You are about to hear the remarkable story of someone who had been active in the fire service for 63 years until his retirement on June 30 of this year. The Calabash Elks Lodge recognized and honored Jay Bertha recently with a Volunteer Firefighter of the Year certificate, along with a service medal from the Elks Grand Lodge.

Bertha started his long first responder career as a young firefighter with the Port Ewen Volunteer Fire Department in New York State, where he was born. He worked his way through the ranks up to chief of the department before retiring and moving to Calabash, after 40 years of volunteer service.

After the terrorist attacks on Sept. 11, 2001, Jay, along with his brother firefighters, traveled to Ground Zero and joined in the rescue operations. To this day, on Sept. 11, Jay and firefighters from his Fort Ewen department return to Ground Zero and reflect.

A Vietnam veteran, having served in the U.S. Army, he is a member of Calabash VFW 7288, where he serves as a trustee, in addition to volunteering wherever he is needed.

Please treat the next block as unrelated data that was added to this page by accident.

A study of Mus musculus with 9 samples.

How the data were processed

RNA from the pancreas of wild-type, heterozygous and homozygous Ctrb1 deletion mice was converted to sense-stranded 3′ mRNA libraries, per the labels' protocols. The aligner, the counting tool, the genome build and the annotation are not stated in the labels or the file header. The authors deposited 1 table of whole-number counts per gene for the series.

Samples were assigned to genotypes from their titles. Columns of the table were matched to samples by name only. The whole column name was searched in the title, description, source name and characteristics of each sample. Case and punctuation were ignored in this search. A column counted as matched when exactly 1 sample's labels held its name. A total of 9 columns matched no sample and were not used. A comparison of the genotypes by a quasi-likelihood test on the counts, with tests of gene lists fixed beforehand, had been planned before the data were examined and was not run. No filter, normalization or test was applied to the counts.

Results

Until his recent retirement at the ripe youthful age of 83, Jay had volunteered with the Calabash Fire Department for 23 years and held the rank of captain of the traffic squad. When his pager would go off, no matter what time of the day or night, no matter what the weather, Jay would respond to each and every alarm that he possibly could. This amounted to, without exaggeration, hundreds of calls each year.

With 63 years of time in the fire service under his belt, Jay certainly had many stories to share with his comrades at the firehouse. One of the favorites from his time in Calabash occurred when he was responding to his very first fire call. It seems that Jay did not know that, unlike New York State, the state of North Carolina restricts the use of blue emergency lights to law enforcement officers. Jay proudly responded to his first fire call with blue lights blazing on his vehicle, only to be accused of impersonating a law enforcement officer by a sheriff’s deputy. Luckily, the fire chief at the scene was able to explain the confusion and Jay was free to go.

You can usually find Jay on Sunset Beach every morning at the break of dawn as he swims a couple of miles to get his day started. The Calabash Elks Lodge thanks Jay for his service to our residents and wish him all the best in his retirement.